Dr. Joseph Ladapo’s resume was expedited to UF Health from UF’s board chair

Dr. Joseph Ladapo is seen on Oct. 14, 2021.
Dr. Joseph Ladapo is seen on Oct. 14, 2021.

The speed of Dr. Joseph Ladapo’s tenure approval along with his controversial views on COVID-19 measures have some questioning his meteoric rise.

The same week Gov. Ron DeSantis appointed Ladapo as Florida’s next surgeon general and secretary of the Department of Health, Ladapo received professorship at UF with tenure. 

Controversy has clouded his role at UF after reports showed Board of Trustees Chair Morteza “Mori” Hosseini, who has ties to DeSantis, personally expedited Ladapo’s resume to UF Health despite his controversial views on COVID-19 measures. Ladapo’s hiring brought into question the school’s tenure process, which typically takes about a year and a half.

Ladapo is a health policy researcher and expert in cardiovascular health and preventive medicine from UCLA. In the past, he has criticized COVID-19 lockdowns, mask mandates and the safety of vaccines.

The vaccines were developed using science that has been around for decades, according to the Centers for Disease Control and Prevention. They are safe and effective at preventing severe illness from COVID-19 and limiting the virus’s spread.

Requests for comments on Ladapo’s views were redirected to the Florida Department of Health, which did not respond to several requests.

The governor’s office told UF that Ladapo was being considered for state surgeon general, UF Health spokesperson Ken Garcia said. Ladapo separately and independently contacted UF about a potential opportunity to fill a vacant position in the College of Medicine, he said.

Faculty provided favorable comments about Ladapo’s appointment, Garcia wrote, according to a Gainesville Sun article.

However, Garcia did not provide positive commentary from anyone other than himself after several requests. The only faculty willing to speak on the record mainly expressed concern.

Bob Harmon, a former UF internal medicine faculty member, said he was surprised how quickly UF gave Ladapo a professorship in a politicized process. He was also concerned when he discovered Ladapo’s statements on the pandemic, which starkly contrast with CDC guidelines.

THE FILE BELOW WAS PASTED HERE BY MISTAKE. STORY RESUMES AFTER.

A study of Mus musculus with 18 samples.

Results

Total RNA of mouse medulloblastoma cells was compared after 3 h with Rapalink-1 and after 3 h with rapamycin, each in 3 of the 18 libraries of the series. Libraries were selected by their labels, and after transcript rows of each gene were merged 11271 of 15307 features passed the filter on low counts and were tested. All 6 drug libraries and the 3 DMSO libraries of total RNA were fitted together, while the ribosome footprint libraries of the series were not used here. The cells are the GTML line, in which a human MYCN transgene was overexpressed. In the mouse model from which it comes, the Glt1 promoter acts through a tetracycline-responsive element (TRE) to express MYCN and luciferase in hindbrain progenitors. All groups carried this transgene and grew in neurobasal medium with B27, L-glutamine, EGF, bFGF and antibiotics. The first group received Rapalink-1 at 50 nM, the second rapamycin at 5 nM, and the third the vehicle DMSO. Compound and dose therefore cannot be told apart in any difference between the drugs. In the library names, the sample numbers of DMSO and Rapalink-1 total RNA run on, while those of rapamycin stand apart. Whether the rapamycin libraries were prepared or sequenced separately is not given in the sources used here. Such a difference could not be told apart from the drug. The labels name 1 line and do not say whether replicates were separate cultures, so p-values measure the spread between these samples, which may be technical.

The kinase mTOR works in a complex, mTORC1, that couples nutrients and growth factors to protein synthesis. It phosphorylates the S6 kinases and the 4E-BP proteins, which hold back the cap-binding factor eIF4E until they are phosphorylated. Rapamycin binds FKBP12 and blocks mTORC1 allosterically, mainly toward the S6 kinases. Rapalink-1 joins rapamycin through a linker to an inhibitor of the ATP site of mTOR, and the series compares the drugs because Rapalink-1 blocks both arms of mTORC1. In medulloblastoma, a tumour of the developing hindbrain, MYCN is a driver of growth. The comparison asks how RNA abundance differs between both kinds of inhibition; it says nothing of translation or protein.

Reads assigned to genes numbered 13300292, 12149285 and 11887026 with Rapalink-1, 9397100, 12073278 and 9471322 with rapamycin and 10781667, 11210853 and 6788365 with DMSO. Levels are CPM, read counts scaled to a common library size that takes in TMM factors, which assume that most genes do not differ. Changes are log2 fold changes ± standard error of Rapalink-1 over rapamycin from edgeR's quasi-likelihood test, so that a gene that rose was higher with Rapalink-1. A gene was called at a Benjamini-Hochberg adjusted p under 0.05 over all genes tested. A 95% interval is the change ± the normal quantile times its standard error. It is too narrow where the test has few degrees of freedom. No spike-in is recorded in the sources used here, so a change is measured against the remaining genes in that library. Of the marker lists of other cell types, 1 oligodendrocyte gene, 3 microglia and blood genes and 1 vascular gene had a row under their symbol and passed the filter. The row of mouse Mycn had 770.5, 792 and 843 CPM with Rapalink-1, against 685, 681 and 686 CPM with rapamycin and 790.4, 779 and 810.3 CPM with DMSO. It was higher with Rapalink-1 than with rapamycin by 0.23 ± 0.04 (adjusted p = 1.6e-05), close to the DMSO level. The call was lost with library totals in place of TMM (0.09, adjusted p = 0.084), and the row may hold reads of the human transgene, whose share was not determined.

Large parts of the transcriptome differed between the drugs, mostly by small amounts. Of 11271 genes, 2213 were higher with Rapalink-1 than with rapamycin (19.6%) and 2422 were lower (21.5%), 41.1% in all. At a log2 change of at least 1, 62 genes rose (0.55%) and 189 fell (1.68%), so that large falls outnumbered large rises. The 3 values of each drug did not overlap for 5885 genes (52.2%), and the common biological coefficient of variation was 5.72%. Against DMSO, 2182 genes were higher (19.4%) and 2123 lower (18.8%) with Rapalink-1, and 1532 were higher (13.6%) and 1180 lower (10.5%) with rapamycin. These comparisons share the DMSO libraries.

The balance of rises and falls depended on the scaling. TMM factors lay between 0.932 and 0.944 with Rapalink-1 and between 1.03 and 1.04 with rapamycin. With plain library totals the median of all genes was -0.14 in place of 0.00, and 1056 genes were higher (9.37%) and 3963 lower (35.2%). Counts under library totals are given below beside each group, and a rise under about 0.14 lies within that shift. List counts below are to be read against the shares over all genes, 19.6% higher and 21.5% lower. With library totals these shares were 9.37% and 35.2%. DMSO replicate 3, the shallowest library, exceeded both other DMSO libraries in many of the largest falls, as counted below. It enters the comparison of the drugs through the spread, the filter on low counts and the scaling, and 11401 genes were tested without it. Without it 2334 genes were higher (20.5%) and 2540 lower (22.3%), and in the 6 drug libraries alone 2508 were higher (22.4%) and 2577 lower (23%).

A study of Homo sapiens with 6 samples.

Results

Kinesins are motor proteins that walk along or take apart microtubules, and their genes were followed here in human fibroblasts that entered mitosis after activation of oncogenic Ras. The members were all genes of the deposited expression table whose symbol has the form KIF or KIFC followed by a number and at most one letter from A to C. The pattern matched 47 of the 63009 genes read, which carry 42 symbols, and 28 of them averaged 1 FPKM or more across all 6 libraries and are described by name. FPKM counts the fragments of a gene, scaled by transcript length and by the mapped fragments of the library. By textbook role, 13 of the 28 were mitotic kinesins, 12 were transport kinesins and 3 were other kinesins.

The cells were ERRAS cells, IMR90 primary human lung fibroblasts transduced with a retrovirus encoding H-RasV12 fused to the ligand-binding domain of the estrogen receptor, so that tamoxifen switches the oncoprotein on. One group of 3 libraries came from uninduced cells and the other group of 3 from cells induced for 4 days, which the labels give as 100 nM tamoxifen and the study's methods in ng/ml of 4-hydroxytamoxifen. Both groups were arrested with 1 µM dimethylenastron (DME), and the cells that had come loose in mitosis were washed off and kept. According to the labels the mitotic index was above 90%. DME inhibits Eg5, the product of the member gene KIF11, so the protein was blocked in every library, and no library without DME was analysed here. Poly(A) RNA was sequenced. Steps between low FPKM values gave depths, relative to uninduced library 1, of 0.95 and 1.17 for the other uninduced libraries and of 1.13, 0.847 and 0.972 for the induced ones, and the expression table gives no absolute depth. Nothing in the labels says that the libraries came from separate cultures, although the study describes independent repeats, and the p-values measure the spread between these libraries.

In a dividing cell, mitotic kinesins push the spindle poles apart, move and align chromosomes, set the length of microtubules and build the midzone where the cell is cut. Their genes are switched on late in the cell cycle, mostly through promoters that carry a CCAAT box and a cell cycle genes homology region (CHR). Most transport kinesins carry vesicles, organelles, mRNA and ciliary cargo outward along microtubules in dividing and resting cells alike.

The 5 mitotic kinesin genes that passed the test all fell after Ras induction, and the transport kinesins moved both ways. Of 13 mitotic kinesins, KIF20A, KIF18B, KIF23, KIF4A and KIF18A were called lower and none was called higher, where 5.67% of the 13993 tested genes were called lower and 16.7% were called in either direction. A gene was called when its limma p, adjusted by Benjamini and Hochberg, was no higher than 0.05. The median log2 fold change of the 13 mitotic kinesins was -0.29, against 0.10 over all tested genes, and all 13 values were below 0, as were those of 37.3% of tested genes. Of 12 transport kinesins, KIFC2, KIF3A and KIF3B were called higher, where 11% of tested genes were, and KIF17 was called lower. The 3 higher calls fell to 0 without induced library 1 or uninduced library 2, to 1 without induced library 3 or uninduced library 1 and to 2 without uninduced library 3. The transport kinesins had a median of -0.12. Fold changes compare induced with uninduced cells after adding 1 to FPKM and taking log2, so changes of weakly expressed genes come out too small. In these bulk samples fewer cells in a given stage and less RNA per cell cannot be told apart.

“[It] certainly raises questions as [to his] fitness to serve,” Harmon said. 

Such controversial positions led more than 300 Florida medical professionals, including Harmon, to sign a letter to the state senate. The letter urged senators to fully vet Ladapo on his COVID-19 response during the confirmation process, before deciding whether to confirm him as surgeon general.


When his appointment to surgeon general was announced Sept. 21, Ladapo vowed to base his decisions on science. But critics say Ladapo has spread misinformation contributing to vaccine hesitancy.

Faculty members have academic freedom and are able to speak their mind, Harmon said. 

But Harmon believes it’s unusual for a public health leader to hold positions counter to science.

“That’s not a good example for college students,” Harmon said.

Ladapo’s positions also don’t fulfill the role of what an epidemiologist should be, Linda Cottler, associate dean for research in UF’s College of Public Health and Health Professions, wrote in an email.

“An epidemiologist’s goal is to follow best scientific practices and work with and for the community to be trustworthy,” Cottler wrote.

Ladapo’s position will come with tenure, which involves giving someone a permanent post, subject to approval by the UF Board of Trustees. The first step in the process was a faculty vote completed in mid-September, but the results are confidential, Garcia wrote in an email.

Tenure is essential for a democratic society, Robert Hatch, a physician and UF professor of community health and family medicine, said. It assures there’s a group of people who can develop expertise and express information and opinions without fear of losing their job. 

While Hatch values diverse views and free expression, he said Ladapo can expect to have his views vigorously challenged if he brings them up in the classroom. He has heard Ladapo’s resume and track record are impressive, and he suspects if Ladapo had gone through the typical process, he would’ve been awarded tenure. But he still questions how fast Ladapo received his tenure.

Hatch said UF faculty should be left with decisions on tenure, not an outside body.

“I always thought that our tenure process followed some guidelines, and for all I know, they were followed in this case,” Hatch said. “But if we don’t have well specified criteria and process, then we need that clarified and specified.”

Contact J.P. Oprison at joprison@alligator.org. Follow him on Twitter @JOprison.


JP is a fourth-year journalism major with a minor in history. He is currently the health reporter for The Alligator, focusing on how the pandemic is affecting Alachua County and the thousands of students in Gainesville. In his free time, JP likes to exercise at the gym and relax on the beach.